Re: Sticky Memes

From: Scott Chase (
Date: Wed 25 Jan 2006 - 03:14:33 GMT

    >Subject: Re: Sticky Memes
    >Date: Wed, 25 Jan 2006 11:32:16 +1000
    >On 25/01/2006, at 11:19 AM, Scott Chase wrote:
    >>>From: "Price, Ilfryn" <>
    >>>To: <>
    >>>Subject: Sticky Memes
    >>>Date: Tue, 24 Jan 2006 14:47:02 -0000
    >>> > Also let's not forget the fact that a significant minority *do* learn
    >>> > another language, convert to another religious viewpoint, discard
    >>> > attitudes or bizarre Santa-related practices (she's off again).
    >>>Can you really discard 'Rudolf the red nosed reindeer' or 'Santa' (as
    >>>opposed to certain 'Santa-related practices' out of your
    >>>head. I would call them highly sticky and relatively trivial (logical
    >>>dangers of manipulation and association with over
    >>>consumption excluded)
    >>I still remember Rudolf and Santa and the elves as they were a part of my
    >>childhood, especially given the heavy consumption of holiday television
    >>programming with all that Christmas lore (let me give a shout out to
    >>"Frosty the Snowman" representing the crystalline water anthropomorphs).
    >>At some point kids probably think "Mickey Mouse" and "Bugs Bunny" are
    >>real too, but eventually they realize otherwise.
    >>Can we discard colored eggs and chocolate bunny rabbits, neither having
    >>anything to do with Christian mythology, from the symbology of Easter?
    >>The Christians co-opted these pagan fertility symbols, so apprently they
    >>have some staying power. But what's really wrong with coloring eggs and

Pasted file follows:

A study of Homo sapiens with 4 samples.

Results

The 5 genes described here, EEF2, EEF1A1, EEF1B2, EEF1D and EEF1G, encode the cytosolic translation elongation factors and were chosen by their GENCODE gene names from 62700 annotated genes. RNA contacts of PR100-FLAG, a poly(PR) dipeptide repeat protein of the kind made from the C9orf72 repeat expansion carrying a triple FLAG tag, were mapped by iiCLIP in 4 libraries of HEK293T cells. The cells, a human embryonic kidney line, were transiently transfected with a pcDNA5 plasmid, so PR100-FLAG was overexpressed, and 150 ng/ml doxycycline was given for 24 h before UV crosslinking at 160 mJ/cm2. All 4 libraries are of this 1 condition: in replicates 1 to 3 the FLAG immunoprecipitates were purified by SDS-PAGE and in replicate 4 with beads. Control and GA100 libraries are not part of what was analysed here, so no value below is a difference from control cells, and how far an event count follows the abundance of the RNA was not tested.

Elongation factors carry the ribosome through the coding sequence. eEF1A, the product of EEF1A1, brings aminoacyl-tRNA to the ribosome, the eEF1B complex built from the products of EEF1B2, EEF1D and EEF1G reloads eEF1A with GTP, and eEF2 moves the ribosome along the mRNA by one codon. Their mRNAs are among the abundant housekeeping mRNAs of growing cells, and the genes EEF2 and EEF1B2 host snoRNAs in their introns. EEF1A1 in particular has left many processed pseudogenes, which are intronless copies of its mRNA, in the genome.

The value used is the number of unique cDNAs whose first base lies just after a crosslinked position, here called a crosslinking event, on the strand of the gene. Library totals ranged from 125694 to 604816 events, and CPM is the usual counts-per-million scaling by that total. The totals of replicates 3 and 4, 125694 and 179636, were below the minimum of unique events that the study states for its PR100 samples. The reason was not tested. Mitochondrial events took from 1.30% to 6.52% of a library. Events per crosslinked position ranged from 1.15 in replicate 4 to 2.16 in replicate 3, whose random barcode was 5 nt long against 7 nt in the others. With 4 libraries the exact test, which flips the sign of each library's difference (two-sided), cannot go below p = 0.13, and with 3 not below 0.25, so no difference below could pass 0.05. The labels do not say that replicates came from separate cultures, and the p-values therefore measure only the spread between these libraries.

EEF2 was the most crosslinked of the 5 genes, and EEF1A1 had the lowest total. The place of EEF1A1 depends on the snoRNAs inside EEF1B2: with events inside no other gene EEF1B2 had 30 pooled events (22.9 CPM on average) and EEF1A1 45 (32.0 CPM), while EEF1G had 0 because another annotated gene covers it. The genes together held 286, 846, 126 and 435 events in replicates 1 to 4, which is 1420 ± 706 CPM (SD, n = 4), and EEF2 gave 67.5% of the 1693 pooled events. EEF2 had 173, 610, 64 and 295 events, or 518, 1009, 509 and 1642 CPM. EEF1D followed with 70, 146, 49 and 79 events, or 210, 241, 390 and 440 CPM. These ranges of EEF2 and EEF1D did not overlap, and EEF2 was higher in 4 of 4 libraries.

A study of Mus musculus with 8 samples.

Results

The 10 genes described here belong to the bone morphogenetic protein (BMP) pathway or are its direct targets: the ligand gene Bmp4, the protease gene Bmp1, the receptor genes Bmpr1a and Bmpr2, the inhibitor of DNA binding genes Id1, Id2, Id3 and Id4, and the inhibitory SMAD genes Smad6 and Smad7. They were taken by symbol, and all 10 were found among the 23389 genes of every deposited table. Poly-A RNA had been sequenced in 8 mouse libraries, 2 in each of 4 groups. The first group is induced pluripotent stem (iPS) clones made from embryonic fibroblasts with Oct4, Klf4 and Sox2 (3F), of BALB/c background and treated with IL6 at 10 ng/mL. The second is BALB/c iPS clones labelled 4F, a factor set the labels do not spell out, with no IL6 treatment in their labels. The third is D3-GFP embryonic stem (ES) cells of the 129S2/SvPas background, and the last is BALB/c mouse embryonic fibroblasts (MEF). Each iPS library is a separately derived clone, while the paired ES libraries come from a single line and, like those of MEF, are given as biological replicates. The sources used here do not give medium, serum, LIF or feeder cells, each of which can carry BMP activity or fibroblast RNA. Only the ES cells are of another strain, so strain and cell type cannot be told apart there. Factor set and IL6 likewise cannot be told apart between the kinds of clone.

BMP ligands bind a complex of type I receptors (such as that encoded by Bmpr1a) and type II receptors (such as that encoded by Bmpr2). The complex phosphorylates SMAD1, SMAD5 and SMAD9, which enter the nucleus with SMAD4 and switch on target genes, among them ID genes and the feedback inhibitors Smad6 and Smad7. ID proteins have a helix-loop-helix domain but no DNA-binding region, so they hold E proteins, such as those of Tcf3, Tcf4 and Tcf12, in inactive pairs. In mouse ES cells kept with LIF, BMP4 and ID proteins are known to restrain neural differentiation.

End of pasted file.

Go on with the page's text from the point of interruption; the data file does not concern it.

>>hiding them on an annual basis, beyond the foul odor experienced due to
    >>forgetting one behind the couch for a couple months? One could do that
    >>and eschew the whole Christian aspect of Easter. Heck it's really about
    >>some long forgotten fertility goddess ain't it?
    >That's what was reported in some medieval chronicler, but in fact it
    >appears not to be. There were fertility rituals at about that time of
    >year, for sure, but that's because the northern spring began about then
    >and most agricultural societies were very aware of this. But the
    >calculation of Easter relies upon the Jewish calendar, and it is solely
    >based on that.
    >Arguably there are the "god-resurrected" myths that Fraser reports but
    >AFAIK this has tended to evaporate on hard inspection.
    Hmmm... What about what is said in my quote below:

    (From _Myths of the Norsemen From the Eddas and Sagas_ by HA Guerber, 1992 orig 1929, Dover Publications, Inc, New York p 55-6)

    [bq]"The Saxon goddess Eastre, or Ostara, goddess of spring, whose name has survived in the English word Easter, is also identical with Frigga, for she too is considered goddess of the earth, or rather of Nature's resurrection after the long death of winter. This gracious goddess was so dearly loved by the old Teutons, that even after Christianity had been introduced they retained so pleasant a recollection of her, that they refused to have her degraded to the rank of a demon, like many of their other divinities, and transferred her name to their great Christian feast. It had long been customary to celebrate this day by the exchange of presents of coloured
    (sic) eggs, for the egg is the type of the beginning of life; so the early Christians continued to observe this rule, declaring, however, that the egg is also symbolical of the Resurrection. In various parts of Germany, stone altars can still be seen, which are known as Easterstones, because they were dedicated to the fair goddess Ostara. They were crowned with flowers by the young people, who danced gaily around them by the light of great bonfires, - a species of popular games practised (sic) until the middle of the present century, in spite of the priests' denunciations and of repeatedly published edicts against them." [eq]

    So is any of the above true? I thought it was a matter of the evil violent Christians imposing their memeset upon the peace loving folk of Northern Europe.